Cuba-US Agricultural Relations

Justine Williams, co-editor of our latest book, “Land Justice: Re-Imagining Land, Food, and the Commons in the United States”, is no stranger to the history and development of Cuba.

While analyzing the Cuban Alternative Agricultural Movement, Williams recalls, “many of the agronomists and growers who pioneered Cuba’s organic, agroecological, permaculture and urban agriculture sectors making up the alternative agriculture movement had long harbored deep intellectual, ideological, and ethical interests in agricultural transformation”.

In addition, “As Cuba’s alternative agriculture movement spread, it captured the interest of an increasing number of people, including urban dwellers who wanted to increase their own food security and rural farmers who saw the benefits that these methods brought to both their productivity and their land. Although the notion of farming without chemicals was unfamiliar to many growers who learned to farm during the 1960s-1980s, the philosophies of organic and agroecological production resonated with practices that many campesinos remembered learning from their parents and grandparents”.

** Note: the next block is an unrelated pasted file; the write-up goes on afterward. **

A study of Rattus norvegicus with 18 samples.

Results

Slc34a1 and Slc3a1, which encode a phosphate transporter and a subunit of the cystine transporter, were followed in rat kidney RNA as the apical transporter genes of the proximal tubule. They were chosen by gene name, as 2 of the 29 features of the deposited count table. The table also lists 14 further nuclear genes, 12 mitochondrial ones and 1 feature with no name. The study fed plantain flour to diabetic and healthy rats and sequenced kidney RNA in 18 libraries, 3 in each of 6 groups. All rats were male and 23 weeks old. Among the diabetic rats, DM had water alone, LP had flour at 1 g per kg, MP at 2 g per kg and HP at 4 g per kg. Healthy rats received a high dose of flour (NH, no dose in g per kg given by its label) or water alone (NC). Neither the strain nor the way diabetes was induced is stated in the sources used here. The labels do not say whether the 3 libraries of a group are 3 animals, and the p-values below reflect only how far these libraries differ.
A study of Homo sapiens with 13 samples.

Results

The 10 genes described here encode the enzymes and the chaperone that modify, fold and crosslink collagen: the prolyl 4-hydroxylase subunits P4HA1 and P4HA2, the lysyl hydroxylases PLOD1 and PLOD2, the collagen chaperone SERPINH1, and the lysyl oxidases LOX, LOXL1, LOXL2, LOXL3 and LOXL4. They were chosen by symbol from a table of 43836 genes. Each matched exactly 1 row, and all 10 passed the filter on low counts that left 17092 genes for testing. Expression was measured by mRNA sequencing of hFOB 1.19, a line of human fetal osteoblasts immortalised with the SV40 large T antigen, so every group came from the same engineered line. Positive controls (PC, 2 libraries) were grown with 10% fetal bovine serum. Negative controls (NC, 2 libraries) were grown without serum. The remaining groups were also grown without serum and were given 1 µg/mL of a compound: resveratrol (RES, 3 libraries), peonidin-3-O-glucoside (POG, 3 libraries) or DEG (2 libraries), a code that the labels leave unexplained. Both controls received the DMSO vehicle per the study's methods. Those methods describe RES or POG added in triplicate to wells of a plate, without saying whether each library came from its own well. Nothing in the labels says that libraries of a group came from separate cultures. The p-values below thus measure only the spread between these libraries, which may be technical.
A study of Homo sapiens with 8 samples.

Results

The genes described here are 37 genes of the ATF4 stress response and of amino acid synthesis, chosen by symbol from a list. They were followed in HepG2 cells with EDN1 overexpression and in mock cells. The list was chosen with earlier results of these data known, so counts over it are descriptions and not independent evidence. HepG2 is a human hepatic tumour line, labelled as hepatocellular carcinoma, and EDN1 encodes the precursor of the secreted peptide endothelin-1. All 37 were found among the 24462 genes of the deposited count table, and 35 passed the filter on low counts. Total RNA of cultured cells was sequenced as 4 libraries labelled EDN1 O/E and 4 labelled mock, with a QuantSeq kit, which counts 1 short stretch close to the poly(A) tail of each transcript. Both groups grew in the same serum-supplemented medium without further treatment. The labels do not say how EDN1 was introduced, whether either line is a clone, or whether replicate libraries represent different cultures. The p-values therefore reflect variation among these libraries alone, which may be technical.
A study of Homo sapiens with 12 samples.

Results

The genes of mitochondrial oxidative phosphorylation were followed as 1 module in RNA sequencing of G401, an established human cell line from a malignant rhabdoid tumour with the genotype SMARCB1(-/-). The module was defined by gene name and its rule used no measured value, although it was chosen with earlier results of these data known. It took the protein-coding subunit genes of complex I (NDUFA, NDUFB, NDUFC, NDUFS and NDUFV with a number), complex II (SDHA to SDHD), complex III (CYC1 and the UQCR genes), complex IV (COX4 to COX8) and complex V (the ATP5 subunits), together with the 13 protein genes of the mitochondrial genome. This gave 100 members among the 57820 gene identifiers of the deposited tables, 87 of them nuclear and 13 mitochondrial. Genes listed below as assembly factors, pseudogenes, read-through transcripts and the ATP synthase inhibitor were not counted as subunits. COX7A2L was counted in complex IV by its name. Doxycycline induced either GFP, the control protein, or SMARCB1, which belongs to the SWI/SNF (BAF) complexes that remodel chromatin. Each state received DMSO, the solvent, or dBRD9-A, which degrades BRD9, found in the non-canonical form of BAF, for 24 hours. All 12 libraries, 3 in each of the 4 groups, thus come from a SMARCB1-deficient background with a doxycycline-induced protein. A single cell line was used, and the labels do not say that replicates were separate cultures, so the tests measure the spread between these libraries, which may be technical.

If you are interested in learning more on the Cuban transformation and its relationship to the United States, please visit:

In solidarity,

The mission of Food Sovereignty Tours is to build the global movement for food sovereignty through solidarity travel and immersion learning. Food Sovereignty Tours is a project of Food First/Institute for Food and Development Policy, called one of the country’s “most established food think tanks” by the New York Times.